I'm in a state of shock. Numb is probably more accurate.
No, no... overwhelmed is more apt.
Inside the Outside, my debut novel, won the Grand Prize in the 2012 Paris Book Festival. I found out a couple of hours ago and, quite frankly, I'm still trying to wrap my head around this tremendous honor. It's nearly two o'clock in the morning as I type this and there's no telling if I'll ever get to sleep again. Between you and me, I don't want to go to sleep, just in case this is all a dream.
This is the first major award for Inside the Outside and, even if it turns out to be the last, I'll still be satisfied. Along with the honor itself, the award comes with a cash prize and a flight to Paris. I've never been anywhere near Europe, let alone Paris. And to think that my first trip there will be to accept my first major literary honor...
I just can't find the words.
I hope folks like Will Entrekin, Kat and Cara (The BiblioBabes), Joanna Penn, and everybody else who loved this book when it seemed like nobody else would pay attention to it will enjoy this honor with me. I hope writers all over the world who are struggling to make a mark and feel like their break may never come will find some glimmer of inspiration in the knowledge that, not too long ago, I'd nearly lost all hope of ever having a writing career.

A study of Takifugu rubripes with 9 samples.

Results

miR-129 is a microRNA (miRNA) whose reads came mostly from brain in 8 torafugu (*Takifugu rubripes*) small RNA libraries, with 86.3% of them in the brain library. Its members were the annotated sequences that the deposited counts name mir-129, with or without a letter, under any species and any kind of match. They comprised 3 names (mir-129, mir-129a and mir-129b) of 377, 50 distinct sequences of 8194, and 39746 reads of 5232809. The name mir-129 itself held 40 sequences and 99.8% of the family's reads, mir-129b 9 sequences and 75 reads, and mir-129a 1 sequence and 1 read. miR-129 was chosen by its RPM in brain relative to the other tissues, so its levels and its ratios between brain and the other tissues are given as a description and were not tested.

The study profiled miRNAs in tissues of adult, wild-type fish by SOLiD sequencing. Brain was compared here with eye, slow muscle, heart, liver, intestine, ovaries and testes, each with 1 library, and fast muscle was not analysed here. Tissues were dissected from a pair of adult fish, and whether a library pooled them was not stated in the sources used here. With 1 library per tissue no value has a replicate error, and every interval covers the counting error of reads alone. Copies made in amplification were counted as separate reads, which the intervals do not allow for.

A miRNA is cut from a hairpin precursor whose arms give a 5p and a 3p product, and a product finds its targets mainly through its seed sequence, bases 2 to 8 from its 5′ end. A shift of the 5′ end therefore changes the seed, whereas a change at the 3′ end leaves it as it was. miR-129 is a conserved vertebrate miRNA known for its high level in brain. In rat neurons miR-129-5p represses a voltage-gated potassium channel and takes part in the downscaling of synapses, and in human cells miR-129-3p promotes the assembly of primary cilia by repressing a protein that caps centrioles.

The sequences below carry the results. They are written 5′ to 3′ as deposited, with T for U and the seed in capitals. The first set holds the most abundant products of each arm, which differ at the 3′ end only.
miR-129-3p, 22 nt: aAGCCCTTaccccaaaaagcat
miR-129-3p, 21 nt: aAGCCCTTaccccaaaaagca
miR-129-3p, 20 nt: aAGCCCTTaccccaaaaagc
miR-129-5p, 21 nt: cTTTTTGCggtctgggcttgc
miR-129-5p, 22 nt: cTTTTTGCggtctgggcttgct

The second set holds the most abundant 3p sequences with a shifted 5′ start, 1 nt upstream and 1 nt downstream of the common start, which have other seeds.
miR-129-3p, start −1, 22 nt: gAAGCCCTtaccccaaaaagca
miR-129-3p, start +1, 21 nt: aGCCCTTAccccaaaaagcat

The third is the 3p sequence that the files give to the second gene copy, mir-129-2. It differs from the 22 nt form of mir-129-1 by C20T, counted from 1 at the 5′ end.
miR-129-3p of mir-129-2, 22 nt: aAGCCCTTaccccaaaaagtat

As is the case with many writers, I sought to get published through the traditional route of acquiring a literary agent who would get me a book deal. After sending out dozens of query letters and receiving dozens of rejections, I found myself at a crossroads. I believed strongly in my book and I knew there was an audience for it, so I had to decide if I wanted to keep trekking down the traditional route or if I wanted to take the risk of publishing my book independently.
It was a terrifying decision, but, after much consideration, I decided to gamble on independent publishing. Part of my concern was the general stigma that is still attached to indie publishing. I worried that my novel, right or wrong, would be adversely affected by this stigma.
Even when I made my decision and began taking steps to move forward, I still questioned whether or not I was doing the right thing. And even after I published Inside the Outside, I still had occasional doubts. So, as much as anything else, this award offers me tremendous validation, not only of my novel, but of my decision to publish it on my own.
Of course, a trip to Paris won't be so bad, either.